As the cage door opened, the six black and white balls of fur tumbled around my legs, making it impossible to move in any direction. Not much bigger than a semi-deflated soccer ball, they rolled and nipped the way only puppies can do, and I felt my heart move up to my throat.
Dropping my large black bag to the side, I attempted to maneuver closer to their level. They could have been straight out of a Peanuts cartoon, if only I could imagine Snoopy actually finding a date.
I bent down and gingerly thrust out my hand. My fingers, tipped in black nail varnish, were instantly greeted by razor sharp teeth. Oh right, I remember. So much for in tact leather shoes and flip flops for awhile.
I was a bit of a rebellious teenager, prone to following my whims and allowing my stubborn streak to govern my decisions. This day was not really unlike any other; the low lying tule fog had cleared just enough to make the ten minute drive to the animal shelter completely on auto pilot. Had I been a few years older or perhaps even a bit less self-centered, my mother’s voice might have echoed in my head. But not this day-my nineteen year old self knew just what I wanted, and it was currently performing acrobatic feats in front of my eyes.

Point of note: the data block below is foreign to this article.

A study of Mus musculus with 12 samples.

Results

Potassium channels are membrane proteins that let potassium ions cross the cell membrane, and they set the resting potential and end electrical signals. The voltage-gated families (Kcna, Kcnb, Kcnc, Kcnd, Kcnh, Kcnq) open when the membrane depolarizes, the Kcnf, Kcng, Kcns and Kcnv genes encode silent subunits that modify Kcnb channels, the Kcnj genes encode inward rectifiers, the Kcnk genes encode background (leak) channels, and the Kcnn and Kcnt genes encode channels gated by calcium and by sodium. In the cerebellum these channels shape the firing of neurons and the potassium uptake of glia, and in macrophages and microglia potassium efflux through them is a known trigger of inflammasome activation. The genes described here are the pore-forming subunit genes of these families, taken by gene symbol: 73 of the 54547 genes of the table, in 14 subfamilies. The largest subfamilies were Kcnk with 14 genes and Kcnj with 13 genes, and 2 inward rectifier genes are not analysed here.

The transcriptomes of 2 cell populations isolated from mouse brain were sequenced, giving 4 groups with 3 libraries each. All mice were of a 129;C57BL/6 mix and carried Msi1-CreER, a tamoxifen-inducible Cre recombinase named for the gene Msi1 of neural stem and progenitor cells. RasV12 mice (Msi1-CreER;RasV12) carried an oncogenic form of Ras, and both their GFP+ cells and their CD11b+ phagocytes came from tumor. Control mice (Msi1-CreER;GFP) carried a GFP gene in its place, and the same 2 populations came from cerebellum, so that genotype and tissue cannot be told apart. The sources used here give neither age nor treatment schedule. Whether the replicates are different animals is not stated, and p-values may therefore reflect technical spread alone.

Somehow I knew that they all couldn’t come with me, and lacking much forward-thinking I scanned the welter of fur before me. A few minutes had elapsed, and the novelty of my black boots had obviously waned. The writihing had subsided, the lure of kibble more enticing.
All except one.
This little guy wouldn’t give up. His big brown eyes glanced my direction as he scampered across the now moist concrete floor, straight towards my discarded bag. His spiky teeth wrapped around the strap, and despite being largely outweighed by my carryall, he planted his forelegs and with a great shake of his head managed to drag it in my direction.
I took this as a sign.
Scooping him into my arms, I signaled to the clerk. “I’ll take him,” I called, knowing simultaneously that this could be the best and most complicated decision I’d ever made.
This post was inspired by Buddy: How a Rooster Made Me a Man a memoir by Brian McGrogry. When Brian his bachelor life to move to suburbia and join his girlfriend with her two young daughters, he had no idea he needed to win over their rooster too. Join From Left to Write on November 21 as we discuss Buddy: How a Rooster Made Me a Man. As a member, I received a copy of the book for review purposes.